According to Consumer Reports, roughly 30 percent of all Americans have medical bills of $500 or more. An inability to pay those bills could have an impact on the credit score of those who live or work in Florida. For instance, a poor credit score or history could make it harder to rent an apartment. Furthermore, insurance rates, as well as interest rates on loans, could be higher for those who have a checkered credit past.
However, there is no guarantee that a medical debt will have a negative impact on a person's credit score. The FICO 8 credit model does not take into consideration any medical debt that is less than $100. It is also important to note that debt that is sent to collections does not appear on a credit report for at least 180 days. Therefore, debtors may have an opportunity to avoid having the debt reduce their credit score or ruin their credit history.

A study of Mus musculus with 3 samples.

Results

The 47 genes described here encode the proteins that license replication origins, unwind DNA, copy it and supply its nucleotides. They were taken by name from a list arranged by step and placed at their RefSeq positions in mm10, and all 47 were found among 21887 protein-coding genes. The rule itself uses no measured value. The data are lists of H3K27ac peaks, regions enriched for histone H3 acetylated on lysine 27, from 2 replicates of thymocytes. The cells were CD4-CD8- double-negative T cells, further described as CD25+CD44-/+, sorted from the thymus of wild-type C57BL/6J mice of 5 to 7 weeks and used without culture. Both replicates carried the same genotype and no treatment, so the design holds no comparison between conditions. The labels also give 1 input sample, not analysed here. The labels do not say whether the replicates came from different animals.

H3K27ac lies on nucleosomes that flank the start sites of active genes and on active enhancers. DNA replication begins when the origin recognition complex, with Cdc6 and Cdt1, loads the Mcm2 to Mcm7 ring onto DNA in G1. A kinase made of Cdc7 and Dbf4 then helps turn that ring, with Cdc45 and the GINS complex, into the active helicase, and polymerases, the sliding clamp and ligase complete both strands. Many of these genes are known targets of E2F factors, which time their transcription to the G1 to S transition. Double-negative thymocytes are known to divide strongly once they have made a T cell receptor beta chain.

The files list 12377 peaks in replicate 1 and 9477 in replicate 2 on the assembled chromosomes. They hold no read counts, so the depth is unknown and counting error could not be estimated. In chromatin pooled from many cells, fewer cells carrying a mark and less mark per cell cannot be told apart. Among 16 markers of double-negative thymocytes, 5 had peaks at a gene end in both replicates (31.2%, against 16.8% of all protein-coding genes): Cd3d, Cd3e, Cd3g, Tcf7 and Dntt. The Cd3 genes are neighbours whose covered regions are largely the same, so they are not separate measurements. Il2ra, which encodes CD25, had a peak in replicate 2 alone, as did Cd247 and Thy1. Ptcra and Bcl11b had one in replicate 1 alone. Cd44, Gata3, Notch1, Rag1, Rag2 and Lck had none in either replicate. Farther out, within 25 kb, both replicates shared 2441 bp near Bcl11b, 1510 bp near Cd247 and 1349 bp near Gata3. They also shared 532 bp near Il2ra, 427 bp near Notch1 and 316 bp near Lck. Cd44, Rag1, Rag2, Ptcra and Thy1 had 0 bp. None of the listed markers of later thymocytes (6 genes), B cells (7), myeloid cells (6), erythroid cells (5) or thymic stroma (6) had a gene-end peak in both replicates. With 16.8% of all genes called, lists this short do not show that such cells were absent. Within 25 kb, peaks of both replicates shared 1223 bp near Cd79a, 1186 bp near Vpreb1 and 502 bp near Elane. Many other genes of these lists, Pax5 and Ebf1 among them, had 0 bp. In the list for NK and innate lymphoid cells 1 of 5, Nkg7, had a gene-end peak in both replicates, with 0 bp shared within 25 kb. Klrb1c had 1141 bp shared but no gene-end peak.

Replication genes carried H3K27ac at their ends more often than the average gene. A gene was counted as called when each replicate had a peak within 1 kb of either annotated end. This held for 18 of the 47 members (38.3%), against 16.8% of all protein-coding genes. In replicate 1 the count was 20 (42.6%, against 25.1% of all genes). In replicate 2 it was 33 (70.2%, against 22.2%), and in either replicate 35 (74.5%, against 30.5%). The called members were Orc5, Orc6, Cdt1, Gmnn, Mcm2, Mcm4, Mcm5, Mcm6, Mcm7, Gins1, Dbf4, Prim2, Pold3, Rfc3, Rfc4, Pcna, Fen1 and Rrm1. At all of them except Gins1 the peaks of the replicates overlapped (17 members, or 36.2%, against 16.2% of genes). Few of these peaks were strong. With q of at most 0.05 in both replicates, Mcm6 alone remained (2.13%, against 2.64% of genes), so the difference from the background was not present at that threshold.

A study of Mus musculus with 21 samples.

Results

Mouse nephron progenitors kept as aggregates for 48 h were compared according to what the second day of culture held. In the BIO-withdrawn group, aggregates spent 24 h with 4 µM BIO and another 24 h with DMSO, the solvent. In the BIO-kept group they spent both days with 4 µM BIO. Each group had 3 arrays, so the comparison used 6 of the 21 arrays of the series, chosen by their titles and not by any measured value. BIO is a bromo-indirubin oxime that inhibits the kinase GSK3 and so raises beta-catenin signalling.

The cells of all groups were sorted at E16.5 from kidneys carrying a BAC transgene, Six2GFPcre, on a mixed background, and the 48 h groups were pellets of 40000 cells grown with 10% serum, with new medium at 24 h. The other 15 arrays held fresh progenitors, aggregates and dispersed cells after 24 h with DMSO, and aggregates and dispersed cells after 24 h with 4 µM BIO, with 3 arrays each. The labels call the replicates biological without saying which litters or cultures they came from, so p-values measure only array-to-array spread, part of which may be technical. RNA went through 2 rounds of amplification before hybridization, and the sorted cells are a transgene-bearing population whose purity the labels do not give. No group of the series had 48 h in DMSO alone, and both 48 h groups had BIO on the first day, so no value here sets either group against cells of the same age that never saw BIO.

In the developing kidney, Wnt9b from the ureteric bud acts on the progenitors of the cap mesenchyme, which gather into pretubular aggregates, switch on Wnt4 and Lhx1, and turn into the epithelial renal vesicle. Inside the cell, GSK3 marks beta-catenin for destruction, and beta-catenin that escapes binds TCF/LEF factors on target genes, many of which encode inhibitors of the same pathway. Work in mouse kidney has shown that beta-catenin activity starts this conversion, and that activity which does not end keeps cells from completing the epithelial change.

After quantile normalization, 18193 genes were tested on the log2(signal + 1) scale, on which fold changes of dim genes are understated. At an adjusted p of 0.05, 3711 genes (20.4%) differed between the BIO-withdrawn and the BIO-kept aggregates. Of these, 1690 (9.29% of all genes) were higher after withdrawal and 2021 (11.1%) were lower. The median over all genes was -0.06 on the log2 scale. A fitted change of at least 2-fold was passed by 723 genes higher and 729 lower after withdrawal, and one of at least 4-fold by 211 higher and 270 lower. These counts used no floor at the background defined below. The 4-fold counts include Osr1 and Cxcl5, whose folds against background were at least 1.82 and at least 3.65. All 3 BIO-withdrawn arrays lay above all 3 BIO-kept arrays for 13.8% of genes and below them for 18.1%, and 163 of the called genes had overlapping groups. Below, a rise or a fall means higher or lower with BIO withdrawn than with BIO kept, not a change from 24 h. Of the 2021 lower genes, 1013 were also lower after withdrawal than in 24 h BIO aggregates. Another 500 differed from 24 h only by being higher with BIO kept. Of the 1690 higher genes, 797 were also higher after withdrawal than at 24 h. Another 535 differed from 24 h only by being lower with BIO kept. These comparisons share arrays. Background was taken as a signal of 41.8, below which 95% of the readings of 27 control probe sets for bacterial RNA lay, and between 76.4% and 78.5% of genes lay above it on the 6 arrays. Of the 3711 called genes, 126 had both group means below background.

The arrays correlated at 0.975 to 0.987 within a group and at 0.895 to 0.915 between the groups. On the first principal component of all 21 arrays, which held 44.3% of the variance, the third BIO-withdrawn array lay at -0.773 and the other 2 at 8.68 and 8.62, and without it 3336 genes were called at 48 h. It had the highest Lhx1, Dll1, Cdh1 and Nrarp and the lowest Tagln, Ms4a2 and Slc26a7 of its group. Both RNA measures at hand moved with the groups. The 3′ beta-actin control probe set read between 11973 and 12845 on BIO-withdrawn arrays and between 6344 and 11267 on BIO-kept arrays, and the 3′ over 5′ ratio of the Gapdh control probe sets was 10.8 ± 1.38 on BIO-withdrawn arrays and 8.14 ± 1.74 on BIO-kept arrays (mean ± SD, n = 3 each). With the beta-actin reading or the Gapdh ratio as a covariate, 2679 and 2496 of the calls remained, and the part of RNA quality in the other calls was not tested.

It is always a good idea to ensure that any medical debt is legitimate before agreeing to pay it. Individuals should check to see that their insurance providers have covered any portion of the bill that is obligated to pay for. It is also possible to challenge the validity of a debt under the terms of the Fair Debt Collection Practices Act (FDCPA).
Those who are facing financial challenges because of medical or other types of debt may want to consider filing for bankruptcy. Bankruptcy may reduce or eliminate most or all debts a person may have. Once a debt has been discharged, creditors may no longer pursue payment. During the proceeding itself, creditors are generally barred from contacting a debtor directly. Instead, they must contact that person's attorney until the case is over.